Higher fuel prices better for the environment, says Rafizi

The economy minister says Malaysia can no longer afford to lower fuel prices and must transition to using renewable energy.

(FMT) – Lowering fuel prices is counterproductive to the country’s environmental ambitions and plans to transition to renewable energy, says economy minister Rafizi Ramli.

He said the government has ambitions to transition to renewable energy within the next 30 years, and people must change their mindsets where fuel prices are concerned.

“Any populist decision on fuel (prices) will be counterproductive to that long-term target.

“The country can’t afford it (lowering fuel prices) anymore because fuel and power subsidies easily contribute to 25% of our operating budget every year,” he said at an event here today.

Rafizi said if Putrajaya was too lenient in providing fuel and power subsidies, it could cost the government up to RM80 billion out of the total RM300 billion allocated for its operating expenditure.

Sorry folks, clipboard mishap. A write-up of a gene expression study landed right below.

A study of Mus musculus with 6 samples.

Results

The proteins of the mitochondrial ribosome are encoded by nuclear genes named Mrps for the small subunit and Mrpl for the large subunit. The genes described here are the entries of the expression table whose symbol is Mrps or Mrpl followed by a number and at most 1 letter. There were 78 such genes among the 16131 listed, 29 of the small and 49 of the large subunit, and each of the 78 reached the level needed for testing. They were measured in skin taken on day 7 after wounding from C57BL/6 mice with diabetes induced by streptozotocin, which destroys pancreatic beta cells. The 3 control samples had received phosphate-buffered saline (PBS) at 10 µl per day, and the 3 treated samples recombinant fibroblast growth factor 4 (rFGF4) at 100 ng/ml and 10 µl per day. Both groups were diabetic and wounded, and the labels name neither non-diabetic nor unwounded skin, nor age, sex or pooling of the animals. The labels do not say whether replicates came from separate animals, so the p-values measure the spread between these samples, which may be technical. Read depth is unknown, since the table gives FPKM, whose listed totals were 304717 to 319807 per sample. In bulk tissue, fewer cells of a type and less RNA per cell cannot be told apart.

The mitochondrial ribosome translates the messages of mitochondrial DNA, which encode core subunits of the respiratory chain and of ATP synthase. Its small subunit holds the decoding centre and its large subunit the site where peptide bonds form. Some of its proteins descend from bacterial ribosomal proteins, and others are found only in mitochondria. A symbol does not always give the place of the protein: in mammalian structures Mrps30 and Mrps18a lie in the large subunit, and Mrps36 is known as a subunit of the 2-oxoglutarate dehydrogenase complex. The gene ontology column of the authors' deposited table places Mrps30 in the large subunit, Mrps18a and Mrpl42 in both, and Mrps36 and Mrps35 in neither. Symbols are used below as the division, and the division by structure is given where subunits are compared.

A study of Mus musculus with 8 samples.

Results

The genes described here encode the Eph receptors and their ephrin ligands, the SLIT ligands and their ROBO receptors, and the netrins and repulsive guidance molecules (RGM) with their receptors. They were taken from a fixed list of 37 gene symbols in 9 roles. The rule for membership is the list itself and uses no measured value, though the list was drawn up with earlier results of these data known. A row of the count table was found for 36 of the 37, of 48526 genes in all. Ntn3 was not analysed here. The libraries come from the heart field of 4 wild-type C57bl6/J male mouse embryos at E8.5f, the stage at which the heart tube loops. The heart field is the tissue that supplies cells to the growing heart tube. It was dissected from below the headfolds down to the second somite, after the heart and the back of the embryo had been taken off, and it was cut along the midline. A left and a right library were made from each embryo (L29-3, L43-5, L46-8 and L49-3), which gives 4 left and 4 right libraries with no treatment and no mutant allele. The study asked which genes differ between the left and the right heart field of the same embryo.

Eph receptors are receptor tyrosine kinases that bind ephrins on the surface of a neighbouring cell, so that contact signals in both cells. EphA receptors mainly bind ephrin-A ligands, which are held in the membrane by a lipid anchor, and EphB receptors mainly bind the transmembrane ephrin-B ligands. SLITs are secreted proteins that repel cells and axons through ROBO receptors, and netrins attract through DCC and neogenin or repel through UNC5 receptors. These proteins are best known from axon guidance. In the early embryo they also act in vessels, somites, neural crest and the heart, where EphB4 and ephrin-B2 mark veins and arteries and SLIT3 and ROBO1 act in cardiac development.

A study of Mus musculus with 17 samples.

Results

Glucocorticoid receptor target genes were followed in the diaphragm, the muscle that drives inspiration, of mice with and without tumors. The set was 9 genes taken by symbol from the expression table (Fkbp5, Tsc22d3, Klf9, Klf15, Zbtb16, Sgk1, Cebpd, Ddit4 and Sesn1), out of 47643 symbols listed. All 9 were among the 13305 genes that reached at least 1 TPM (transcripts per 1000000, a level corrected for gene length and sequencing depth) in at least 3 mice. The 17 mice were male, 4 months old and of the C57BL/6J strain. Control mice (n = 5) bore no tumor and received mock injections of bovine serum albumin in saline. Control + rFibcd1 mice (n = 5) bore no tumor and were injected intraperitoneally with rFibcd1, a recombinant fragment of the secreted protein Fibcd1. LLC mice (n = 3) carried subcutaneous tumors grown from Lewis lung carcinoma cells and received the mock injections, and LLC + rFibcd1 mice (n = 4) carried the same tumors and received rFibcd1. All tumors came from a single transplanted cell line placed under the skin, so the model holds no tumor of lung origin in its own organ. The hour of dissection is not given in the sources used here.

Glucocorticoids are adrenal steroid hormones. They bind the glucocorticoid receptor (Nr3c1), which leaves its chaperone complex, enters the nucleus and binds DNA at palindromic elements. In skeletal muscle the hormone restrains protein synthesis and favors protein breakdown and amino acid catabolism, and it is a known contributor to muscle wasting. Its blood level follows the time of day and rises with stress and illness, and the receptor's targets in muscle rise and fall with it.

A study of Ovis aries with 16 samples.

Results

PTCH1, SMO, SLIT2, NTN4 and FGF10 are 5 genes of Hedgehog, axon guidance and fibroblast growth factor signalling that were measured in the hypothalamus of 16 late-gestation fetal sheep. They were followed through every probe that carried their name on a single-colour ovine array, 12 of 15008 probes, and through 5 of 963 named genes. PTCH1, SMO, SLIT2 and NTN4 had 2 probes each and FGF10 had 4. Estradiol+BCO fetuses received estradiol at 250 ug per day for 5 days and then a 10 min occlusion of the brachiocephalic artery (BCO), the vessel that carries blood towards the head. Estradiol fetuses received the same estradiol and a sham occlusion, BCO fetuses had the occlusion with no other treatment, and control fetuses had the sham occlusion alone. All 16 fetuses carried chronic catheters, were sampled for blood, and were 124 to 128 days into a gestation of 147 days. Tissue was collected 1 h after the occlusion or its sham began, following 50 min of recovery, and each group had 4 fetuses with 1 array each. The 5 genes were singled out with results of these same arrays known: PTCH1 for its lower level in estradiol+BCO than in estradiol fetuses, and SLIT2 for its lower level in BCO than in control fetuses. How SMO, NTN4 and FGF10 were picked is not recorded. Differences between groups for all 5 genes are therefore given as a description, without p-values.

He said a greater adoption of renewable energy was the way forward, adding that Malaysia has the potential to be a regional leader in leading the energy transition.

However, he said, there must first be a greater emphasis on a “green economy”, which prioritises low carbon emissions, resource efficiency and social inclusivity, across all sectors and industries in the country.

Rafizi said the government will announce its Energy Transition Roadmap, which translates the National Energy Policy into energy transition projects, next month.

He said the roadmap will provide clarity on Putrajaya’s plan for the next four to five years in paving the way to achieve its ambition of 70% renewable energy capacity in the country by 2050.

On a separate matter, asked if the Cabinet has discussed plans to peg the ringgit, Rafizi said there have been no such discussions.

He said he would wait for Bank Negara Malaysia (BNM) to decide on monetary policies, adding that the government will respect the central bank’s discretion in doing so.

Last Friday, deputy finance minister Ahmad Maslan said the government and BNM would discuss strategies to deal with the continuous decline in the value of the ringgit at the weekly Cabinet meeting.